Thursday, November 8, 2012: 10:15 AM-11:45 AM
Schaefer (Sheraton Baltimore City Center Hotel)
*Names in bold indicate Presenter
Organizers: Shanti Gamper-Rabindran, Assistant Professor University of Pittsburgh
Moderators: Lily Hsueh, University of Washington
Chairs: John Hird, University of Massachusetts, Amherst
The panel presents four papers that examine the effectiveness of different forms of regulatory instruments in protecting human health and the environment. These papers share a common approach of providing detailed empirical analysis of various public and proprietary databases.
The first two papers focus on the effectiveness of policy instruments that address emissions of pollution into various media. The traditional single-media approach of addressing pollution has been criticized as inefficient, and even worse, as having potential to lead to perverse outcomes. For example, regulations that focus on reducing plants’ emissions into the environment may unintentionally lead to increased exposure in the workplace; while regulations that focus on air pollution may lead to increased discharges into water. The first paper by Finger and Gamper examines the effects of the mandatory pollution disclosure program, the Toxic Release Inventory (TRI) program, on worker exposure within the plant using a newly available database on worker exposure. In theory, disclosure of plants’ level of pollution may lead to source reduction, which can contribute to decreasing both emissions and exposure, or alternatively to the shifting of pollutants within the plant. They find that plants have, in fact, reduced worker exposure at a time coinciding with the TRI program implementation. The second paper by Gray and Shadbegian examines EPA’s innovative multimedia regulation of air and water pollution. In 1998 the EPA promulgated the first integrated multi-media regulation – known as the “Cluster Rule” (CR) – to protect human health by decreasing toxic releases by pulp and paper mills into the air and water. By combining air and water regulations, the EPA hoped to diminish the overall regulatory burden on the affected plants. The authors test the impact of the Cluster Rule along multiple dimensions, i.e. on various types of pollutants, on pollution released into various media (air or water), and based on various levels of stringency. They combine data from the Longitudinal Business Database and various pollution and enforcement databases.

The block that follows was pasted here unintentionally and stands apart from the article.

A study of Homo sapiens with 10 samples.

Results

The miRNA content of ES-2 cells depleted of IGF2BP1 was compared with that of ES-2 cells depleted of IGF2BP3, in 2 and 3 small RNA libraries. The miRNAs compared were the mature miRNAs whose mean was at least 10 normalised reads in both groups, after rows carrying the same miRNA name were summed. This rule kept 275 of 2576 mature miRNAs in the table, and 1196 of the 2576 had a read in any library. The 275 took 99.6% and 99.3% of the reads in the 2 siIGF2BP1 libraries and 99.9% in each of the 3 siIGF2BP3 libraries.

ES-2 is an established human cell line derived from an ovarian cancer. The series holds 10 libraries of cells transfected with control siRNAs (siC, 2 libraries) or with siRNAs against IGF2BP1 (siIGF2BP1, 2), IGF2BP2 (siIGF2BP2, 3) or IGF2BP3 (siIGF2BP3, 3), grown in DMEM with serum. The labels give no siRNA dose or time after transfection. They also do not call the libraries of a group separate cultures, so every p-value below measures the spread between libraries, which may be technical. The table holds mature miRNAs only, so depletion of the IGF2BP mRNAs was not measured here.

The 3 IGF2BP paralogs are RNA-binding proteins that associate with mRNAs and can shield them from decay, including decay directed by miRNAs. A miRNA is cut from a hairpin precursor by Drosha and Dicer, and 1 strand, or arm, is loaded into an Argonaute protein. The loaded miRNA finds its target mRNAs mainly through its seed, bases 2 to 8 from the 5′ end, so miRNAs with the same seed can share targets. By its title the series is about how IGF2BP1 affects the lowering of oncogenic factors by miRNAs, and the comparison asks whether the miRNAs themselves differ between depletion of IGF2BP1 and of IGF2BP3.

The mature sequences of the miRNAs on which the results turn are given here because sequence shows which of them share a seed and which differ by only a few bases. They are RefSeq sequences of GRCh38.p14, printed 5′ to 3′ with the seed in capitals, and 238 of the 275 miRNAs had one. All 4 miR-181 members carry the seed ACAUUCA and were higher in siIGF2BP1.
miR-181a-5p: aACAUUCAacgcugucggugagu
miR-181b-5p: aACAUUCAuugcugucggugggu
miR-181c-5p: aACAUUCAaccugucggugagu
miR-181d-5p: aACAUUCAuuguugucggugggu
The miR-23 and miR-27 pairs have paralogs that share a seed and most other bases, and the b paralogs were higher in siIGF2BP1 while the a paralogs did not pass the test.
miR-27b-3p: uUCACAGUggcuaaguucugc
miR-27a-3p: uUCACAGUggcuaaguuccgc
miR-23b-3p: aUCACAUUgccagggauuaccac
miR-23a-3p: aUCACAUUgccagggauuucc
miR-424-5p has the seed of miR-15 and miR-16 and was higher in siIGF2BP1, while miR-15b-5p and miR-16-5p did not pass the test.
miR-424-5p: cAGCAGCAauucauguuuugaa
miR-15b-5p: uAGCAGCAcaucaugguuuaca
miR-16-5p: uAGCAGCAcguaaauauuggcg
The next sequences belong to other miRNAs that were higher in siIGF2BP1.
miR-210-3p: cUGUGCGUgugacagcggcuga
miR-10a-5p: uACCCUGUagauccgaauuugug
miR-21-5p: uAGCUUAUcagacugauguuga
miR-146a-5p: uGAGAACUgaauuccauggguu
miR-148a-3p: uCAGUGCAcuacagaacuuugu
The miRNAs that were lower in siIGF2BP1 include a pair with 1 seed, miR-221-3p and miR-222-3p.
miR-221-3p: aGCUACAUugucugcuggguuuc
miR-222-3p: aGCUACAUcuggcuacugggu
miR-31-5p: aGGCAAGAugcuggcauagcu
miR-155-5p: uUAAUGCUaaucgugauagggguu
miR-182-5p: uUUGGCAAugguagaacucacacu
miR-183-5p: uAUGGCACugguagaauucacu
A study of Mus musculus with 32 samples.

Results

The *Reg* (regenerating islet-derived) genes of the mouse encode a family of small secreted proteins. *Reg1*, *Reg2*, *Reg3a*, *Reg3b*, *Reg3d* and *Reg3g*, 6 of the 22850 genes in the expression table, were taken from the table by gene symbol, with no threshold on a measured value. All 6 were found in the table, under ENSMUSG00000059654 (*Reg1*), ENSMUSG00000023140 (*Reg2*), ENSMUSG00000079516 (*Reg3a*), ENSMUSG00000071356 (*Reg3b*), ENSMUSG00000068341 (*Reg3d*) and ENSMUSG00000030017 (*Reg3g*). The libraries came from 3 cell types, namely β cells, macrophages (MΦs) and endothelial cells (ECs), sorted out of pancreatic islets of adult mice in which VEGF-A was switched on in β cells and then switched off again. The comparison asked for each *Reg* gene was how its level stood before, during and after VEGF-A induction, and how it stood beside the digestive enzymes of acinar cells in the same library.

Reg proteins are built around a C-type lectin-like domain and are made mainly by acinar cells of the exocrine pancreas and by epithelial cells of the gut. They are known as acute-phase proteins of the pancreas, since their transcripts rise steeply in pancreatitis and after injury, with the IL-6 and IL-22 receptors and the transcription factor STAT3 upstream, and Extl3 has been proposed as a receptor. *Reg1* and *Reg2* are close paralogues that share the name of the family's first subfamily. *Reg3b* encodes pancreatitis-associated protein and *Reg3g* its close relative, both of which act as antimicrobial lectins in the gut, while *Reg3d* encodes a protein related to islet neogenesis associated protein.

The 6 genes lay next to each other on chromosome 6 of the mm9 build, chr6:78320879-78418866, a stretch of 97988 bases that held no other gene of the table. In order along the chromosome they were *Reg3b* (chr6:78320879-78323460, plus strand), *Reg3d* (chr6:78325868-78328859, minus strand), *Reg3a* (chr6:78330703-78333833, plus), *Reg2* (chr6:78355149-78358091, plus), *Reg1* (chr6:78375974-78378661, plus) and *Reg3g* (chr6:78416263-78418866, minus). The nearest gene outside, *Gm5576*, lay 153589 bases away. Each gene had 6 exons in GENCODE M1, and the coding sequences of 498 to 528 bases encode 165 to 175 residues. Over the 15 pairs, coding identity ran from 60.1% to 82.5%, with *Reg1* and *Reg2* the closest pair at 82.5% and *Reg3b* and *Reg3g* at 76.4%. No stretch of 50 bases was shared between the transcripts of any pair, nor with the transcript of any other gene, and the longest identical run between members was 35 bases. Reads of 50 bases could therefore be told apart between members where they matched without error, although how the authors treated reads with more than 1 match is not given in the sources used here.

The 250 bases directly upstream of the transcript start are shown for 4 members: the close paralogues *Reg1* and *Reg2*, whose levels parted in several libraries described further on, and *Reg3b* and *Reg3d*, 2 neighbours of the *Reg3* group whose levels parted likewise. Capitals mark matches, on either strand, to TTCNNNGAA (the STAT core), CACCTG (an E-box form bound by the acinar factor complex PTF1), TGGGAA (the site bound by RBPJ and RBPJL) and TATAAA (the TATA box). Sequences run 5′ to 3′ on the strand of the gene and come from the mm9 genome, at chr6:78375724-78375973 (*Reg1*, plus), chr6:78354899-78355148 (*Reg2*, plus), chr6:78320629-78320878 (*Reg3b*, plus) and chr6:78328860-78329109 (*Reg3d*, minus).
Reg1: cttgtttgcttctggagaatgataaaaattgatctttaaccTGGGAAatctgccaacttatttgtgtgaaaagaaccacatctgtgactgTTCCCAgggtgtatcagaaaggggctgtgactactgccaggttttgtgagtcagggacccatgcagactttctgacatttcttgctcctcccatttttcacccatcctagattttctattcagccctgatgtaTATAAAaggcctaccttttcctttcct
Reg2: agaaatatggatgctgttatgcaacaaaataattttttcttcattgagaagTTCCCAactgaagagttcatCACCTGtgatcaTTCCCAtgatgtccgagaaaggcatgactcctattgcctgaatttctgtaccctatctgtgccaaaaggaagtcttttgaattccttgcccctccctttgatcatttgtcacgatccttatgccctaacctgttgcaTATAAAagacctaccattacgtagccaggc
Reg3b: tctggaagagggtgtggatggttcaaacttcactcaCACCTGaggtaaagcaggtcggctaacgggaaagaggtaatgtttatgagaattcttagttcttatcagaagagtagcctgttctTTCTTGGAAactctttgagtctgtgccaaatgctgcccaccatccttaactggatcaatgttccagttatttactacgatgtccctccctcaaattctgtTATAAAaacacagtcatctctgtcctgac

The next two papers focus on a critical dimension of regulations, i.e. inspections and compliance aspects. They focus on offshore drilling and pipeline safety, which are hotly debated after the Deepwater Horizon Oil Spill, the Exxon Mobil pipeline spill in Montana, and the controversy over Keystone XL pipeline project. Muehlenbachs and Cohen examine group dynamics among inspectors who are in charge of inspecting offshore oil drilling platforms in the Gulf of Mexico. Theories on regulatory capture and social pressure suggest that these group dynamics do matter for the effectiveness of the inspections. They use a unique dataset of inspector’s inspection history for the platforms. Stafford examines the effects of the federal enforcement efforts on the environmental performance of pipeline. She analyzes of all active pipeline operators in the U.S. with more than 100 miles of regulated pipeline, approximately 340 operators. This analysis of inspections, enforcement activities, penalties, and data on operators’ environmental performance provides insight into whether the changes mandated under the Pipeline Safety, Regulatory Certainty, and Job Creation Act are likely to achieve their goal.